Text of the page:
EGU General Assembly 2022
© Author(s) 2022. This work is distributed under
the Creative Commons Attribution 4.0 License.

Assessing Physical Processes of Permeable Pavements with a Large-Scale Laboratory Model

Giulia Mazzarotto, Matteo Camporese, and Paolo Salandin
Giulia Mazzarotto et al.
  • Department of Civil, Environmental and Architectural Engineering, University of Padova, Padova, Italy (

In recent decades, due to on-going urbanization and changes in rainfall patterns, urban drainage systems are facing increasing challenges. The expansion of impermeable surfaces and the increase of both frequency and intensity of rainfall events, are responsible for the augmented peak-flows and heavily polluted stormwater volumes conveyed by combined sewer overflows to water bodies. The need of assessing these challenges to mitigate the impact on water bodies’ quality has prompted International Authorities to develop standards and scientific communities to find solutions for an effective stormwater management.

Sustainable Drainage Systems are effective at-source stormwater management solutions designed for collecting, retaining, and infiltrating direct rainfall and runoff from impervious surfaces. When properly applied in the urban drainage system, they mitigate pollution coming from wash-off of impervious surfaces and reduce both volumes and flood peaks conveyed to the drainage system.

Among others, Permeable pavements (PPs) and infiltration trenches (ITs) are two solutions that can be easily retrofitted into the urban environment. PPs reduce surface runoff allowing direct infiltration of rainfall, whereas ITs collect runoff from nearby impervious surfaces. Both can temporally store relevant amount of water which is then slowly released to deeper native soil layers. Moreover, these systems act as filters trapping solids and pollutants onto or into the filter layers. However, physical clogging related to particle accumulation on the surface or inside the porous media reduce permeability of the system decreasing infiltration rates along time. This is a crucial aspect affecting both PPs and ITs effectiveness that must be accounted in the urban environment maintenance plans.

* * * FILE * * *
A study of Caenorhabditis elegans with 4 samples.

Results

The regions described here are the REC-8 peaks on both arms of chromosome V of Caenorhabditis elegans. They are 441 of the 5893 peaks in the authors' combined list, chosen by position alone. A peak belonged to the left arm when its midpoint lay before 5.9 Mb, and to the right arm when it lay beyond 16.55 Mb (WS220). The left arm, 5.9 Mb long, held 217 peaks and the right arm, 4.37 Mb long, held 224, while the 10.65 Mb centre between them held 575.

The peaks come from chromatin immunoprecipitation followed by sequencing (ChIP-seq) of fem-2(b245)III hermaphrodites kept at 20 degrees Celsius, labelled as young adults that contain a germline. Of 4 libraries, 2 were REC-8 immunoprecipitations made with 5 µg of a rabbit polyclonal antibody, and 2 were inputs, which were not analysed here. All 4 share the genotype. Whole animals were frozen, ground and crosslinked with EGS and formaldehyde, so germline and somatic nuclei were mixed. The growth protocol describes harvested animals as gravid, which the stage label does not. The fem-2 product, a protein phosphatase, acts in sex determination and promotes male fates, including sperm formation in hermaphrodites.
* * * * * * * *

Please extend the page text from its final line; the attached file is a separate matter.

A large-scale laboratory model is currently under development to analyze the main physical processes and to assess the efficiency starting first from the PPs. To this aim, a laboratory facility (Lora et al., 2016), built in the Laboratory of Hydraulics and Hydraulic Works of the Department of Civil, Environmental and Architectural Engineering (University of Padova), is being rearranged. The facility consists of a reinforced concrete box 6 m long x 2 m wide, and the height varies from 3.5 to 0.5 m. It is equipped with 50 openings on each lateral side for the insertion of probes (e.g. water content reflectometers - WCR) to continuously collect long term monitoring data in different positions. The end side of the facility is made of porous bricks allowing subsurface runoff to drain into a V-notch stream gauge. Another stream gauge is installed to measure exceeding surface runoff. During experiments, steady rainfall intensities ranging from 50 to 150 mm/h will be produced with a specifically designed rainfall simulator.

Suitable materials for the filter layers package will be laid for 1 m total depth assessing filtration processes through the probes in three positions along the vertical. The rainfall simulator will be rearranged to guarantee uniform rainfall distribution on the PP surface characterized by a mild slope (about 2-3%).

In the first set of experiments, the characteristics of the investigated PP will be tested in clear water condition, thus without adding suspended solids, to define the maximum infiltration capacity.

How to cite: Mazzarotto, G., Camporese, M., and Salandin, P.: Assessing Physical Processes of Permeable Pavements with a Large-Scale Laboratory Model, EGU General Assembly 2022, Vienna, Austria, 23–27 May 2022, EGU22-9353,, 2022.